To grow is to change and to have become perfect is to have changed often.
John Henry Newman
My friend Veronica’s dad, Ed (names changed), had a heart attack last month. Veronica’s mom didn’t tell her until a week later as she didn’t want to worry her.
Veronica was ready to dash over but her mother said, “Don’t come. If you want, stop by on Saturday.”
Veronica felt frustrated, but decided to honor her mother’s wishes.
On Saturday morning she called her dad and asked if she could bring him anything. He told her not to come over. Upset, thinking he didn’t want to see her, she went over nevertheless.
Her mother’s car wasn’t in the driveway and when she rang the bell there was no answer. Worried, she called her dad’s cell. Not realizing she was at the door, he told her to stay home.
“You’re not going to let me in?” she pleaded.
“Oh, you’re here?” He sounded surprised, which annoyed her.
“Yes, I’m here. I’m outside.”
“Why did you come?”
Exasperated, she said, “Because I wanted to say I love you and give you a hug.”
“Oh, you didn’t have to do that.”
And, yes, he did sound touched.
Later, Veronica told her mom the saga. Her mother sighed and asked, “Why do you pay attention to what he says? You know how he is!”
Veronica laughed because her mom was right. Her dad doesn’t like anyone making a fuss over him and he’s never been an affectionately demonstrative guy.
Why would she think a heart attack would change him?
Well, she thought it would change him because she wanted it to change him!
Veronica has shared numerous stories about how exasperatingly independent her dad can be. This latest fits within a pattern, so I asked why she’d been hurt when he told her not to visit.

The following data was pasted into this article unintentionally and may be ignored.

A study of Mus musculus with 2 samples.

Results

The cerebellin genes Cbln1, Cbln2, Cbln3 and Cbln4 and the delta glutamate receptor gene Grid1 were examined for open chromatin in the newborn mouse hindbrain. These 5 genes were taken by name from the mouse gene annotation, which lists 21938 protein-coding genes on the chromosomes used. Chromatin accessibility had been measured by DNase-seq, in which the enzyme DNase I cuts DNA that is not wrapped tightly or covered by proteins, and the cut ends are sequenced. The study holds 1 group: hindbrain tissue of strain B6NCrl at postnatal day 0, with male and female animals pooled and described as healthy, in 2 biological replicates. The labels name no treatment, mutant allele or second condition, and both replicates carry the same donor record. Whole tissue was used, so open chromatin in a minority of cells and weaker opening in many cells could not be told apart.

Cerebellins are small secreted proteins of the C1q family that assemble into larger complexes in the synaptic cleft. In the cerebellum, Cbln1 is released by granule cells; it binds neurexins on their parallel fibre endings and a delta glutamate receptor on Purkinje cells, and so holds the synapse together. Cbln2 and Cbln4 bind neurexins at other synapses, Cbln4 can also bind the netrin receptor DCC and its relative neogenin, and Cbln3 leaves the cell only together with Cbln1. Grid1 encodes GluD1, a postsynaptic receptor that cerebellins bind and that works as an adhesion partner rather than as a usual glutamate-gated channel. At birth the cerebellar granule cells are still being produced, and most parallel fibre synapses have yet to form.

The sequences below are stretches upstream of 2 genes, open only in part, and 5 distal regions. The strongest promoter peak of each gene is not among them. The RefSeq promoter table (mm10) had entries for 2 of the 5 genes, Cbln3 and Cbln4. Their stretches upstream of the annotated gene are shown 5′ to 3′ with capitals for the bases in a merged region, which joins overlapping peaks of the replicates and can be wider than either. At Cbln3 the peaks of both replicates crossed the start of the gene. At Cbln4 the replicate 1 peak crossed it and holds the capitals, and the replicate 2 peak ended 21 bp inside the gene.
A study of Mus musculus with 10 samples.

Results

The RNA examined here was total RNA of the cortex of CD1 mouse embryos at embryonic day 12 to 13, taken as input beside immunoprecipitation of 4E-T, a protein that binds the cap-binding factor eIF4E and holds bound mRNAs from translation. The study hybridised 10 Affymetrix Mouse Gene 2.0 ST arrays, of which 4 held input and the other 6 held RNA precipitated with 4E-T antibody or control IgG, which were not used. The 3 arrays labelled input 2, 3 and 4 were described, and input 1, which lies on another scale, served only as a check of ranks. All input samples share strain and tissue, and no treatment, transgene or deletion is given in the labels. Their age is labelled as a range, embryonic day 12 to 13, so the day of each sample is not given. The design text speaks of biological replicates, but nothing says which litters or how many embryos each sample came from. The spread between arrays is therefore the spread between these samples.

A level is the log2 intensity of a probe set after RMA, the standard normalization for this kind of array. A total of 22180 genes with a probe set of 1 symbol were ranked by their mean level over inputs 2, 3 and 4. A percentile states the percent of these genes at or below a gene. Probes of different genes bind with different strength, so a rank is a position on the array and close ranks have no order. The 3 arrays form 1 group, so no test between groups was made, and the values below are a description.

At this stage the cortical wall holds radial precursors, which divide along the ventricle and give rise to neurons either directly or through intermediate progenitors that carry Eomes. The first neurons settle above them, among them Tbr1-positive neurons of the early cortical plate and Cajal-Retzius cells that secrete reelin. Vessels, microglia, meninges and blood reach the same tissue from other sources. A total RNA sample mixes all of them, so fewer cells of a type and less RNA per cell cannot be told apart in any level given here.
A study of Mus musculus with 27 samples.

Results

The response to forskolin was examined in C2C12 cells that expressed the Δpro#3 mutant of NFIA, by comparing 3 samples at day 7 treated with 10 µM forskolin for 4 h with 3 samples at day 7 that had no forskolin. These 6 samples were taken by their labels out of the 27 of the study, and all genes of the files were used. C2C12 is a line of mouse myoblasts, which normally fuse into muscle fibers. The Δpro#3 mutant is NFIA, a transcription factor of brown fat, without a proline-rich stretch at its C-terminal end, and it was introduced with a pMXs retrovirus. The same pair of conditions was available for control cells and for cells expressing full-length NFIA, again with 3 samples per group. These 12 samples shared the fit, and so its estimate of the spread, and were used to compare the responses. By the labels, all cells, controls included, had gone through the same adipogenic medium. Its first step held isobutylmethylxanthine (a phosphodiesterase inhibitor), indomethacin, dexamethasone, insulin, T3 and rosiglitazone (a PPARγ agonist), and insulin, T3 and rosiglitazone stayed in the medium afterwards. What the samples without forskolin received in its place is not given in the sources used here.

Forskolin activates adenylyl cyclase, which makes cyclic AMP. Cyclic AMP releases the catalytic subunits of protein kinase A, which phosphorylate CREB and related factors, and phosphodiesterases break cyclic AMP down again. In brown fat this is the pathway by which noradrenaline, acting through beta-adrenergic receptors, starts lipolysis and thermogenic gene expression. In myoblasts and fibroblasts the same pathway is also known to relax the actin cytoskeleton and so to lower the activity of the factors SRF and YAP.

Veronica knows that his first reaction in time of crisis is to rebuff people. Why take at face value what he says?
He was happy to see her and was touched by her care. Why does Veronica always allow herself to feel hurt when he initially rejects her help?
Old habits die hard.
When people are in a relationship, communication patterns develop and take on a life of their own.
This is especially true in families.
Veronica continually gets tripped up by her dad’s fear of imposing on her and so she finds herself trapped in a cycle of worry, hurt and relief.
Veronica’s dad most likely isn’t going to change, but Veronica can.
She can change her attitude and more readily see through her dad’s fear (and her own).
What about you?
Are you trapped in a dance that is continually tripping you up?
Don’t wait for the other person to change – make the first move!
now THAT’S the business of confidence!
Do you want to break through the old habits that are preventing you from being influential and heard?